Stocks fell sharply on Tuesday, as a disappointing outlook from Wal-Mart and a bigger than expected rise in the consumer price index raised concerns that higher energy prices are reducing consumer spending, according to Standard & Poor's MarketScope. Losses in semiconductor and computer groups hurt the Nasdaq.
The Dow Jones industrial average fell 120.93 points, or 1.14%, to 10,513.45. The broader Standard & Poor's 500 index dropped 14.53 points, or 1.18%, to 1,219.34. The tech-heavy Nasdaq composite was down 29.98 points, or 1.38%, to 2,137.06.
Looking ahead to Wednesday, the producer price index for July will be reported. Economists polled by Action Economics are expecting the index to rise by 0.5% in July, after staying flat in June.
In economic news Tuesday, the consumer price index for July rose by 0.5%, after staying flat in June. The rise was higher than the 0.4% increase that economists were expecting. However, the core consumer price index, which excludes food and energy rose 0.1%, lower than the 0.2% forecast.
Housing starts fell 0.1% to 2.042 million in July, from 2.045 million in June (which was revised up from the original estimate of 2.004 million), when economists were expecting a 1.4% rise.
Industrial production data was also weaker than expected. Industrial production rose 0.1% in July, lower than the 0.5% forecast.
Energy futures were lower Tuesday as traders looked ahead to Wednesday's weekly inventory report, which is expected to show increases in crude oil and heating oil and a slight decline in gasoline futures, according to Standard & Poor's MarketScope. September West Texas Intermediate crude oil settled down 19 cents at $66.08 a barrel.
In corporate news, J.P. Morgan Chase (JPM ) agreed to pay Enron at least $350 million to settle claims that it assisted in the fraud that led to the company's collapse. The bank, one of ten Enron sued, also said it would give up certain claims it has filed as part of Enron's bankruptcy proceedings, or pay to retain them.
The Securities and Exchange Commission has warned Goodyear Tire & Rubber (GT ) that it expects to recommend enforcement action against the company for violating accounting rules, the company announced.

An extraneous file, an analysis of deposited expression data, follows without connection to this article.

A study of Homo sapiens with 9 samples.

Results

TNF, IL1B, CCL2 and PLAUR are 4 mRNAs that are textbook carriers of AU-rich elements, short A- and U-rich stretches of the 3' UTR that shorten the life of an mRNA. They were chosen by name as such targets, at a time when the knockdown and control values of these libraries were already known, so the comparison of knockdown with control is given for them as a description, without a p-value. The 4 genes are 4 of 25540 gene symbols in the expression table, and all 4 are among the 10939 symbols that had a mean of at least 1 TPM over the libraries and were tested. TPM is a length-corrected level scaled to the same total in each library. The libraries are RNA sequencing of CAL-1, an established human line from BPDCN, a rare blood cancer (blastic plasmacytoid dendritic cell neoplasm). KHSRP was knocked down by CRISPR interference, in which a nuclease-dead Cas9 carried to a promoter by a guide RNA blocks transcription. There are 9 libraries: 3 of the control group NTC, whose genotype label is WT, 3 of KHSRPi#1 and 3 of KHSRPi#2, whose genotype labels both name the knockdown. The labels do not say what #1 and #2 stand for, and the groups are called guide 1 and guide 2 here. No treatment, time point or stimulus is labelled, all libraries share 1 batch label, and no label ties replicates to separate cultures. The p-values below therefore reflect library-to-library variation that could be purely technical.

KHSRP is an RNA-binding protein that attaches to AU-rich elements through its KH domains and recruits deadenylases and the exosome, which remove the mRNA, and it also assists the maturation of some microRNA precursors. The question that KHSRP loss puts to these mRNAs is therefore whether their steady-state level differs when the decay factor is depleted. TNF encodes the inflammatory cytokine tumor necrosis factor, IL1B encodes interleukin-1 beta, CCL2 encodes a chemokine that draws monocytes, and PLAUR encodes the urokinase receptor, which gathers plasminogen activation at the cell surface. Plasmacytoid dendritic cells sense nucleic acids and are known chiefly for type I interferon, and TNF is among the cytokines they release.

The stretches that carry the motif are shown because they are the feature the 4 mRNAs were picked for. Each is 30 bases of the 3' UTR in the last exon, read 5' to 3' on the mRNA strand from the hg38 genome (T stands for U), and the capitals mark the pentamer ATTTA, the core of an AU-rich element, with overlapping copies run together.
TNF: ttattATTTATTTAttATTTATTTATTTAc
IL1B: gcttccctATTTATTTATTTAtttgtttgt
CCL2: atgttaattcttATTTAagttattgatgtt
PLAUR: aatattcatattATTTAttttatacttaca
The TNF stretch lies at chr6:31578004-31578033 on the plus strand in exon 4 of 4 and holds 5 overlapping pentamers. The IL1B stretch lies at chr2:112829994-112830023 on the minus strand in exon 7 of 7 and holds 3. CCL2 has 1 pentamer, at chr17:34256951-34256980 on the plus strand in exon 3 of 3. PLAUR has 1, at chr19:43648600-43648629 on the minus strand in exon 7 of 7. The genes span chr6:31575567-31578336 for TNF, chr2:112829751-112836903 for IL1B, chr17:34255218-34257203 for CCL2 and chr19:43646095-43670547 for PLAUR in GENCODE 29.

In earnings news, Wal-Mart (WMT ) said its second-quarter earnings rose 5.8% to $2.8 billion, or 67 cents per share. The figures were higher than analysts' expected, but lower than the retailer's own targets. The company's projected earnings of between 55 and 59 cents per share in the third quarter also came in lower than analysts were expecting.
Home improvement retailer Home Depot (HD ) reported that second-quarter profit rose 14% to $1.77 billion, which was higher than analysts expected, thanks in part to strong growth in its services business. The company also boosted its earnings per share guidance for the year.
B.J.'s Wholesale Club (BJ ) reported that its second-quarter profit rose a higher than expected 9% to $30.5 million, or 44 cents per share. The group, however, cut its full-year financial guidance, because gasoline sales have not been as profitable as expected.
After Monday's close, Gateway (GTW ) reported a profit of $17.2 million, up from a loss of $339 million in the period last year. However, the computer maker lowered its full-year profit estimate.
Treasury prices rose Tuesday following the release of the weak economic data, with the yield on the benchmark 10-year note falling to 4.23%.
European stock markets closed lower on Tuesday. London's Financial Times-Stock Exchange 100 index fell 21.9 points, or 0.41%, to 5,322.3, following a report that the July consumer price index rose 0.1%, more than expected, which pushed the year-over-year rate to 2.3%.
Germany's DAX index fell 38.53 points, or 0.78%, to 4,883.81. Among the gainers, industrial gases group Linde was up on a report that the company is preparing a defense against a takeover, while Commerzbank rose on a report that CEO Klaus-Peter Mueller won't step down because of a money-laundering probe.
In Paris, the CAC 40 index dropped 22.01 points, or 0.49%, to 4,444.57. Carrefour was higher after J.P. Morgan Chase raised its rating on the stock to overweight from underweight. France Telecom gained after Credit Suisse First Boston reiterated its outperform rating and raised its price target.
Asian markets ended mixed Tuesday.
Japan's Nikkei 225 index closed up 59.12 points, or 0.48%, to 12,315.67, which is the first time since August 2001 the index has closed above 12,300. Gains on Wall Street overnight helped fuel positive sentiment, as stocks of domestically oriented companies extended recent gains on the back of a brighter outlook for the economy.
In Hong Kong, the Hang Seng index closed down 22.44 points, or 0.15% to 15,443.62 amid profit-taking after recent market gains, according to Standard and Poor's MarketScope.